Saturday, February 20, 2016

It's "pot" luck for PAULETTE, as Jérôme Enrico's French charmer hits Blu-ray and DVD

My goodness: two new-to-the-USA movies in as many weeks about marijuana used in homemade baked goods! The second of these -- after the recent Dough -- is the 2012 French film, PAULETTE, directed and co-written by Jérôme Enrico and starring one of the old-time treasures of French cinema, Bernadette Lafont (remember Chabrol's Les Bonnes Femmes and Truffaut's Such a Gorgeous Kid Like Me?). Ms Lafont, who died the year after this film was made, had certainly aged some over a career that spanned nearly 60 years and 190 credits, but she had lost none of her power to charm, surprise, move and entertain us. In fact, as this choice role proved, she could still pack European audiences into cinemas and give them a royal good-time.

If M. Enrico, shown at right, whose work is new to me, doesn't break any ground in the feel-good sub-genre of that-crazy/nasty-old-lady-who-turns-out-to-have-a-heart-of-gold, he also plays by the rules cleverly enough to turn out a very smart of piece of entertainment that is plenty easy to sit back on your couch and enjoy. The cinematography by the fine Bruno Privat looks terrific on Blu-ray; everything from the locations to the pastries appears lovely/yummy. And Ms Lafont -- shown on poster, top, below and further below -- charts her moves from harridan to honeybun with great skill and charm.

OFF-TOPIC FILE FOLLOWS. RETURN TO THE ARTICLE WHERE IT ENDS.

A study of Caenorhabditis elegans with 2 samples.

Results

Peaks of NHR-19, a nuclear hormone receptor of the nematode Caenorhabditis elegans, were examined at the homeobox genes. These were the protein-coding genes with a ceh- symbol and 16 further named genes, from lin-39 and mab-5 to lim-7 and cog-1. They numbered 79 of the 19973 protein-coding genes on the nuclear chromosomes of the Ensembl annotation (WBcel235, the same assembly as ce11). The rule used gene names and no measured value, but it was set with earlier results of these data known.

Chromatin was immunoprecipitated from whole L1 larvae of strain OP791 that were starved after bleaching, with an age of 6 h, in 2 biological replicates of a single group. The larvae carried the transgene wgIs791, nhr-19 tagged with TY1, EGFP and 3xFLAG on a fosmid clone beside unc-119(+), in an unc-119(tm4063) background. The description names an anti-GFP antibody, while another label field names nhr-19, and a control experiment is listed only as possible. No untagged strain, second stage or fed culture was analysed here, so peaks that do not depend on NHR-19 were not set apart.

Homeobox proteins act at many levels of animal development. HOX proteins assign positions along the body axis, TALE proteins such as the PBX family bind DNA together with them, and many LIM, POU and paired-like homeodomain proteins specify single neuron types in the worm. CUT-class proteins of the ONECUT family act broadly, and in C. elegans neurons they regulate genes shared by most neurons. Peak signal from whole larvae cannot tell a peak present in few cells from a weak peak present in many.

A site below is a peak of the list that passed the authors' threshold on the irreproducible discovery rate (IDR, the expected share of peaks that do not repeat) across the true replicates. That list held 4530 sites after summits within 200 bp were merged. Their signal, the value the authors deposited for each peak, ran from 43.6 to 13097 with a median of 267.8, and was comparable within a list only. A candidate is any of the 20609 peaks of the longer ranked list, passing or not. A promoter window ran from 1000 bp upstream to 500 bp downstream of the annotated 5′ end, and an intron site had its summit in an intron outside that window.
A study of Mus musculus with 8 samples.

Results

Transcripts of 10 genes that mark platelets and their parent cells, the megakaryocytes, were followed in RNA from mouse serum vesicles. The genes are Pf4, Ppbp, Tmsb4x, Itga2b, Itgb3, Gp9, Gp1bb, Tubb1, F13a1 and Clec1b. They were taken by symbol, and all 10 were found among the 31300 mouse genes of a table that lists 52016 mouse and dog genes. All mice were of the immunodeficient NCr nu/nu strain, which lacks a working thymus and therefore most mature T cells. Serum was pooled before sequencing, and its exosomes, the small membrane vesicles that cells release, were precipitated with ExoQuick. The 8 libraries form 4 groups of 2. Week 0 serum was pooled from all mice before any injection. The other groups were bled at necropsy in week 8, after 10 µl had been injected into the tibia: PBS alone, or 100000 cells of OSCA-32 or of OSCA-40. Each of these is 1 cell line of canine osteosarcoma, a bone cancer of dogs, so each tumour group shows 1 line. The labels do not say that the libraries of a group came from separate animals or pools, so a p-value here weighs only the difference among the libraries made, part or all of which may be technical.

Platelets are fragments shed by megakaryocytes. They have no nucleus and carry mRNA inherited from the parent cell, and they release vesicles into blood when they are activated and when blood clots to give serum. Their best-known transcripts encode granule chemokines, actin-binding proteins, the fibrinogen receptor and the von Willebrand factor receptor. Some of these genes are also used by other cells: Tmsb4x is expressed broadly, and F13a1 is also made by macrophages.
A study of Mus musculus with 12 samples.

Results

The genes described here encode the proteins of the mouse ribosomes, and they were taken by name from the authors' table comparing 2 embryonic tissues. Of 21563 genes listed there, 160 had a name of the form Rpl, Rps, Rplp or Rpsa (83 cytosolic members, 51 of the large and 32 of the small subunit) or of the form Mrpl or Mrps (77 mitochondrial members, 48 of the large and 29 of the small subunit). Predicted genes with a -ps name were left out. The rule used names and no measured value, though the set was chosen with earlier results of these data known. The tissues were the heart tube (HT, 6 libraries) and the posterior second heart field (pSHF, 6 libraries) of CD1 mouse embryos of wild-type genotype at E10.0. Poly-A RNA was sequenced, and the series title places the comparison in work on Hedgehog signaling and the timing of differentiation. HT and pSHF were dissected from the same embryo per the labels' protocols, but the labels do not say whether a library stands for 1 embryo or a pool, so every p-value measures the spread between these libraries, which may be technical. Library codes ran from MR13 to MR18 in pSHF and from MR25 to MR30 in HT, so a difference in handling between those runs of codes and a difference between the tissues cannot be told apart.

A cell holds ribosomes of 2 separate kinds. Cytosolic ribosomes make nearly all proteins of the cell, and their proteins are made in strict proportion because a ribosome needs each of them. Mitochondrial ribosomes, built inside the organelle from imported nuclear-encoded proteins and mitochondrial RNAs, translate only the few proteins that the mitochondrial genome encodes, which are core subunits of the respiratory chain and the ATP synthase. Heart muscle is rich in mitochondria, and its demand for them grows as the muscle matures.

Paulette, the character, initially takes no prisoners, reducing everyone from the immigrants who took over her failed restaurant to her mixed-race grandson (the adorable Ismaël Dramé, above, right) and black son-in-law with disdain and anger.

How she and her three cohorts -- left to right, below:  Carmen Maura, Françoise Bertin and Dominique Lavanant -- get into the drug trade proves quite funny (and about as believable as these kinds of movie ever get), and how they then must move from selling drugs to baking the stuff proves ever funnier and equally smart.

The filmmaker lets more "reality" seep into things than is usual in the genre (note the beating that our heroine takes midway along) and Ms Lafont rises to each new challenge from screenwriter or character (or even the drug-sniffing dog, below) with her usual aplomb.

There is little chance that the movie will veer from its indicated course, so best to just tag along merrily and enjoy. Watch this fine actress move slowly and carefully from reprobate to regenerate is delight enough, and will probably have you scurrying to look up her resume and peruse again some of her wonderful early films.

Among the more pointed barbs the movie offers is its smart look at The French Catholic Church (Paulette's father confessor is played very well by Pascal N'Zonzi, above, left) and the sometimes tricky uses of "donations to the cause."

From Cohen Media Group, and running a sleek 87 minutes, Paulette is out now on DVD and Blu-ray, for sale and/or rental.